Things to do - general

The city of Konya was an ancient city of Anatolia. The Greeks, the Romans, the Byzantines, the Seljuk and the Ottoman have all ruled over it. Of its more than five thousand years history, only one man can represent Konya‘s essence – the beloved Jalal-u-din Muhammad Rumi. Rumi once said, “Beyond the fields of right and wrong there is a place, I will meet you there.” Rumi was the Saint of Devine Love, and his teachings taught his people how to embrace their pasts, reconcile between the east and the west and move into the future together. He is the founder of the Mevlevi Order of the Whirling Dervishes, and in many ways, Konya is like a dervish whirling on his axis in devotion to Allah. Konya is still among the most religiously inclined cities in Turkey. The beauty of Konya can only be appreciated once you start whirling with it.

Visa Requirements

The Turkish visa can be obtained directly from https://www.evisa.gov.tr/en/

Languages SpokenEnglish and Turkish
Currency UsedTurkish Lira (TRY)
Area (km2)38,873

Things to do

Religious Sites
Visit the Madrasas and squares where Rumi stood and gave his sermons, elevated hearts and spirits of people even today. The international symbol of Konya is the Tekke, where Rumi rests among his loving dervishes. The mausoleum is built in Persian and Turkish influences and is surrounded by a rose garden. The pilgrim enters from the Gate of the Dervish in the south. The theological college of Karatay founded in 1251 still stands with all its glory and splendour. It is known for the tile work and religious history associated with it over the years. The roof of the dome of the Karatay Madrassa is a wonder on its own. Salimeyi Mosque and Azizi Mosques are heavily embellished and incorporate the Byzantium architectural charm into the building.

Museums and Archaeological sites
The Konya Archeological museum has an atmosphere that takes you to yesteryears. This museum houses the sarcophagus of Hercules, items in use of different sultans and nobilities, and Turkish crafts, calligraphy and arts. Recent excavations at Çatalhöyük have unearthed the remains of 9000-year-old settlements that are redefining history books and revealing clearly demarcated planed housings

Culture and History

The roots of Konya are in Greek legends and mythology. Back then Konya was known as Iconium. Konya was the place where the Greek war hero Perseus slayed his enemies by casting them to stone, using the head of the demon Medusa and finding a city there in the celebration of his victory. Alexander the Great defeated Darius the third of Persia who held Konya in his domain, in 333 BC but soon after his death the empire broke and the reins of Konya fell in the hands of Seleucus. Konya was among the destinations where Saint Paul, who was among the twelve apostles of E’sa (RA) (Jesus Christ) where he preached the message of Christianity. Due to Konya’s relative proximity to the sea and the holy land of Jerusalem, it was often under invasion from first the advancing Muslim armies and then the Christian crusaders.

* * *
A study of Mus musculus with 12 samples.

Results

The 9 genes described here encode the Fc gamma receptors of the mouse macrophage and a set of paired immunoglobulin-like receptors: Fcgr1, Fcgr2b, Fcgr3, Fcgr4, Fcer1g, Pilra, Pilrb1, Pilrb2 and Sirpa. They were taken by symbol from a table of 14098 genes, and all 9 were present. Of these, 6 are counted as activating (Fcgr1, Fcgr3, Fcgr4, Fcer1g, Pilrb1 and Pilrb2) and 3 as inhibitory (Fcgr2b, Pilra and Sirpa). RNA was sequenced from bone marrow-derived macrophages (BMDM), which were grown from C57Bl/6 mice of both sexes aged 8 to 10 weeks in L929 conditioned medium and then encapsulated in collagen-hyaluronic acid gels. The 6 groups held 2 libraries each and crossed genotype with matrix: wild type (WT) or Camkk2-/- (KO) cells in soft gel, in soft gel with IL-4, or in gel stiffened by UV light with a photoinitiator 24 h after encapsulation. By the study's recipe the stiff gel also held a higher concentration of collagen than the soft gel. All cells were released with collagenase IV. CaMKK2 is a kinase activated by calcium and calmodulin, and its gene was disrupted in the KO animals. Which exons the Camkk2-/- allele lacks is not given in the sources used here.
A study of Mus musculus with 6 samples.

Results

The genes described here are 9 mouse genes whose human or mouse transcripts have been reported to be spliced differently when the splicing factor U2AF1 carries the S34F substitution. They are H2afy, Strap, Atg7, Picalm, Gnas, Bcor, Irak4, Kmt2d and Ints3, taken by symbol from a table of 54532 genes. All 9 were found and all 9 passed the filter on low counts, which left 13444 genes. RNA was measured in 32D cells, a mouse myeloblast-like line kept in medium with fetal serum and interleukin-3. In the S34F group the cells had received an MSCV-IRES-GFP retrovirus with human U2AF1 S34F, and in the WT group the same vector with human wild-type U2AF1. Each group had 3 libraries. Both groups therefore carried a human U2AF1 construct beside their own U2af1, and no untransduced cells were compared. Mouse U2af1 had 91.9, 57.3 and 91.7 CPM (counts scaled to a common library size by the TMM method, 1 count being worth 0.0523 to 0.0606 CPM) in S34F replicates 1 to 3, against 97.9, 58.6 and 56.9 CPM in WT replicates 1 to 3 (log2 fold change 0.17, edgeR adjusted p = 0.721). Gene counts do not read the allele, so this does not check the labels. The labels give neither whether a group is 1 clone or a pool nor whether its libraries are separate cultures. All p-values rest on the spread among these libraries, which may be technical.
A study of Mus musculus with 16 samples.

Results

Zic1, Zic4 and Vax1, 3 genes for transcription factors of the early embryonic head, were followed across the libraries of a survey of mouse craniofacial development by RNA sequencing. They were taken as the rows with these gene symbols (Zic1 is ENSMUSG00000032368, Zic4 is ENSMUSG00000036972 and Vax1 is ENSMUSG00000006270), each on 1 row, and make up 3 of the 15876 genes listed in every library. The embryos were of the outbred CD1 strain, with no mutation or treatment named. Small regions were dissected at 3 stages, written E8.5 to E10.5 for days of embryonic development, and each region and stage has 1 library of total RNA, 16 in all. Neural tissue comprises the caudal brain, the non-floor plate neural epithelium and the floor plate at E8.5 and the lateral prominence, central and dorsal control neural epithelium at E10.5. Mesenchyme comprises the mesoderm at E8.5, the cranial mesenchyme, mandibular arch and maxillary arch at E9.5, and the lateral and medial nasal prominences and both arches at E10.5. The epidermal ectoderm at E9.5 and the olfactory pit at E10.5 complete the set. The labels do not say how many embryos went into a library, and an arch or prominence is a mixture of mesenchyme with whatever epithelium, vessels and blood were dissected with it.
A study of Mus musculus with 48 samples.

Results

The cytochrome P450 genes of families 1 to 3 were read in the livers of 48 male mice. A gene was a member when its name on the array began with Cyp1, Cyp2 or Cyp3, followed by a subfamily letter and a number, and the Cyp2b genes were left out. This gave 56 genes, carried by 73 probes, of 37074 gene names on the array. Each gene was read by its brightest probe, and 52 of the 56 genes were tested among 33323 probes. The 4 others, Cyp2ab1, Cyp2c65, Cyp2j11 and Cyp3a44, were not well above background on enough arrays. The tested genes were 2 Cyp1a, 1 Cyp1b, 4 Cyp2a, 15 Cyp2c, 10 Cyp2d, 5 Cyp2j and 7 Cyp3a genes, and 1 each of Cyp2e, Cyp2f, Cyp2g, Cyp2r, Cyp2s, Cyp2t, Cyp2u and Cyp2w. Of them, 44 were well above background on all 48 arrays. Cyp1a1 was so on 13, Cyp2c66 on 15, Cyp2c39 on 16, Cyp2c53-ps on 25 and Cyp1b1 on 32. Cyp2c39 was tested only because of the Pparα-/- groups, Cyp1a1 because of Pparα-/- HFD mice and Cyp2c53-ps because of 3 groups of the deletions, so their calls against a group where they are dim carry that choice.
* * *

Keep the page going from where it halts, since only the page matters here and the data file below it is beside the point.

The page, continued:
In 1084 the Seljuk’s invaded the city, renamed the city and brought along the golden age of Islamic Konya. The wealth and power of the Seljuk was consolidated when they conquered rival Turk and Persian territories of all of eastern Anatolia and mostly all of the Anatolian ports to the Mediterranean and the Black Sea.  The rise of the Seljuk sultanate of Rum attracted immigrants from Persia and central Asia weary with Mongol invasions. Among those immigrants was the Maulana Rumi who became the face of Konya forever. The Ottoman era of Konya brought great development and growth. The Sultan’s son or shehezade were usually responsible for administering Konya themselves. Among the most notable were the Shehezade Mustafa and Shehezade Cem who went on to become Sultan Salem II. In 1922, Konya hosted the largest Turkish airbase that defended the southern part of the country in the Turkish war of independence.

The culture of Konya is heavy with the contemplation of the dervish looking inwards, into his soul to find God. At the end of the Turkish war of independence, when the state and religion were separated in the new Turkish constitution, all saintly orders were abolished except this one. Such is the importance of the dervish in Konya and in Turkey at large. The whirling dance of the dervish is not a dance at all; it’s a way of prayer. It’s a process of meditation in which the practitioner focuses on finding the inner essence of God, by blurring out the world. Konya is rich with Persian influences, in its architecture, poetry, music, cuisine, and lifestyle.